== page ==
Legislature should be granted constitutional financial autonomy – Barr. Arthur Egwim

… delivers public lecture during Imo State University law week, 2017

The member representing Ideato North state Constituency in the Imo State House of Assembly, Hon. Barr. Innocent Arthur Egwim has advocated for a constitutional financial autonomy for the legislature in Nigeria as a way of further strengthening the principle of separation of powers between the tripod arms of Government on which the democratic system of government is anchored.

He made this call, during a public lecture on the topic “Financial Autonomy of The Legislature” which he delivered on 8th of May, 2017, at the Imo State University, Owerri, during the law week organized by the faculty of Law.

According to Barr. Egwim, “financial independence comes with psychological and operational independence” and at such there is this air of freedom which legislative arms of Government in advanced democracies feel which is a plus for the principle of Checks and balances.

He averred that the reverse is the case in Nigeria, where “the executive arm of government has by the existing laws been placed in the position of a parent or guardian” to the other two arms of government in such a way that “the Judiciary and legislative arms therefore suffer under regrettable financial dependency on the executive”.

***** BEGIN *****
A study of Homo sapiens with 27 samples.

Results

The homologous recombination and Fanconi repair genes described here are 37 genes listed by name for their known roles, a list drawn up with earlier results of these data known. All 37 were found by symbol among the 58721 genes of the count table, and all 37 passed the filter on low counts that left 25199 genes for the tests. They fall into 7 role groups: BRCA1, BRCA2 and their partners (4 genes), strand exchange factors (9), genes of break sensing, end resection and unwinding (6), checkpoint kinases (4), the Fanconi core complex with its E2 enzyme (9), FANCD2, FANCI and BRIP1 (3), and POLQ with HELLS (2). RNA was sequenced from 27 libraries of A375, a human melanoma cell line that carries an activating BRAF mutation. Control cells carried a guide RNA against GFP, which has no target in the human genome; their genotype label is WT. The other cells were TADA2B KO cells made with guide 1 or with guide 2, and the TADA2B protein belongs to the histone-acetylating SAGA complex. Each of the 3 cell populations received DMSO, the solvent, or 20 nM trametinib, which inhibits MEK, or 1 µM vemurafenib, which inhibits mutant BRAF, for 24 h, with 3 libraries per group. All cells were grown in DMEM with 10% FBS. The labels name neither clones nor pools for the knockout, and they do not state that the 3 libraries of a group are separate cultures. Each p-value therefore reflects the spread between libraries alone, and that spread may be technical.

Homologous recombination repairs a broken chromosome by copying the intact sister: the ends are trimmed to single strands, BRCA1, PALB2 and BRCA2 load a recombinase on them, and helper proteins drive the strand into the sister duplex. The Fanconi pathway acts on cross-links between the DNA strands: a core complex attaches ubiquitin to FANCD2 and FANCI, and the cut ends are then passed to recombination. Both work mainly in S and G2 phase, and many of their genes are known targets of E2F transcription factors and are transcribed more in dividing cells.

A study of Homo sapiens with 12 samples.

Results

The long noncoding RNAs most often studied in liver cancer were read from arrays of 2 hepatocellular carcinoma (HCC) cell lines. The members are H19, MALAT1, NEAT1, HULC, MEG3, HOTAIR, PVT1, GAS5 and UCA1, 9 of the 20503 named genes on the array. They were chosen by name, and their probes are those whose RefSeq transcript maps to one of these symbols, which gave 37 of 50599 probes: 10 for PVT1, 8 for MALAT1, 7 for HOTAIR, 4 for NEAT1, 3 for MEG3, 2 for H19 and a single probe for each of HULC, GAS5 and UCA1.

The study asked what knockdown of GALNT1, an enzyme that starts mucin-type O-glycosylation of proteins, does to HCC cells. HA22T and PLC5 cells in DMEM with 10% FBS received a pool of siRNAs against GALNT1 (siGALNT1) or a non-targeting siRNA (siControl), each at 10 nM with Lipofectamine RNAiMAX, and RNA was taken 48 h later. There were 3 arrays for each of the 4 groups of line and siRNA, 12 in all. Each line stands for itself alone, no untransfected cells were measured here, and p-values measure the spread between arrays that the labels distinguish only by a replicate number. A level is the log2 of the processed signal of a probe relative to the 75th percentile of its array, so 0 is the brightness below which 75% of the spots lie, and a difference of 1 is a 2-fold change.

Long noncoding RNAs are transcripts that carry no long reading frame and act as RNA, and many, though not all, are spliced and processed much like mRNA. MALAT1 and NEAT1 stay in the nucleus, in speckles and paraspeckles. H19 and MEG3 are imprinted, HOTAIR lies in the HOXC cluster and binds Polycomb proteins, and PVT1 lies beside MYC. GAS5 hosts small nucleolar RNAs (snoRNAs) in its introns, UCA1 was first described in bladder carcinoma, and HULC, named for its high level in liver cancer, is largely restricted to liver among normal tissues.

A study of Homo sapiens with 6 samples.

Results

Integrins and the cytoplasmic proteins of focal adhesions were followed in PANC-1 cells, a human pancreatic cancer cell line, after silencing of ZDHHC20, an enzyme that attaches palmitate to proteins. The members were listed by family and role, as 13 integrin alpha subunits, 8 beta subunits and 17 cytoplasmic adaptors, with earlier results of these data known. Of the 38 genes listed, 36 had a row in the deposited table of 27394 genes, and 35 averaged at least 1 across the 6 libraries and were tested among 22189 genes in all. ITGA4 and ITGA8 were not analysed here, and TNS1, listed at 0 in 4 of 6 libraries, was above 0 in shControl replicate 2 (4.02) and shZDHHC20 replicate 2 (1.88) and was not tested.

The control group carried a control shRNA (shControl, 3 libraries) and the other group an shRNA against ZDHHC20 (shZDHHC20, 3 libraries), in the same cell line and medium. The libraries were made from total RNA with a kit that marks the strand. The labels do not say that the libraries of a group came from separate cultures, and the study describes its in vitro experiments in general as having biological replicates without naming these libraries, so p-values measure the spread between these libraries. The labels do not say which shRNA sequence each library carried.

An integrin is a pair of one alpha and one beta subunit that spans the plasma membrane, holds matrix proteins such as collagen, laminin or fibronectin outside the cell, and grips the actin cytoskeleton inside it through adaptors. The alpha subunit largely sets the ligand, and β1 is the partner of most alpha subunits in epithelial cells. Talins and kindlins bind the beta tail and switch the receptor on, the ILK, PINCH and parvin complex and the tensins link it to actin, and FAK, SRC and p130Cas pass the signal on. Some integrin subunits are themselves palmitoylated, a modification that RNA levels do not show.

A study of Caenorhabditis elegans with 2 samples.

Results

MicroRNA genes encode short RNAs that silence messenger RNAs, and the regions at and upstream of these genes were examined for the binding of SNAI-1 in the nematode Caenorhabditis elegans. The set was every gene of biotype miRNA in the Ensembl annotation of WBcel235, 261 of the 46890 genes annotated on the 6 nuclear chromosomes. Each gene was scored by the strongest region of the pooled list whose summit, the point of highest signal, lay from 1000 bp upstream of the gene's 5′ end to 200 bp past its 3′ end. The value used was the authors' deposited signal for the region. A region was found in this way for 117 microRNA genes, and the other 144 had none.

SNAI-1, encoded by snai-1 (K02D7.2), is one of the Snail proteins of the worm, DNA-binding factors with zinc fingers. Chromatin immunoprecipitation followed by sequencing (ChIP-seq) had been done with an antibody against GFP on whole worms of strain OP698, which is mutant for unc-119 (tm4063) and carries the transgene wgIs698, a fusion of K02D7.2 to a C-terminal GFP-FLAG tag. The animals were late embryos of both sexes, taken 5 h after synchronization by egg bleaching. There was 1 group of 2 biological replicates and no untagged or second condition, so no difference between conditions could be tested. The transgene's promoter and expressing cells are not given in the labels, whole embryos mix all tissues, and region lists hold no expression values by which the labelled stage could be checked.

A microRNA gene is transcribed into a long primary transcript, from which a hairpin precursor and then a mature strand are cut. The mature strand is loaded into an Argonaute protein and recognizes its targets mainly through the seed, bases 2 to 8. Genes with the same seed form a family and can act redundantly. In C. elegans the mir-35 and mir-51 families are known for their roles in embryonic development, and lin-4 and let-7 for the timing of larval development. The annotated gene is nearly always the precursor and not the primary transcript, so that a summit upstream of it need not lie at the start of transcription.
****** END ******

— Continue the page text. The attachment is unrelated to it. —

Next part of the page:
He was quick, “however to state that advocating for a strong legislature and respect for the principles of separation of powers does not amount to an endorsement of power tussle between the arms of government as there is indeed a thin line between adherence to the principles of separation of powers and pure show of political strength or power tussle between the arms of government.

While asserting that a totally loyal legislature cannot be an effective watchdog to the executive, he stated “it goes without saying that ‘favours’ received from the executive arm can never be a free gift” but rather “a security for loyalty”.

He lamented that there has been this age-long misconception about the true role of the legislature in Nigeria. He decried the situation where the Nigerian legislator has been compelled based on public expectations to step outside his constitutional duties in order to please the voters and his constituents.

He summed up by correcting the above notion and stating clearly that the job of the legislator is to make laws for the good of the people and act as the eyes of the people in checkmating the activities of this executive and this can best be done in an atmosphere of constitutional autonomy for the legislature.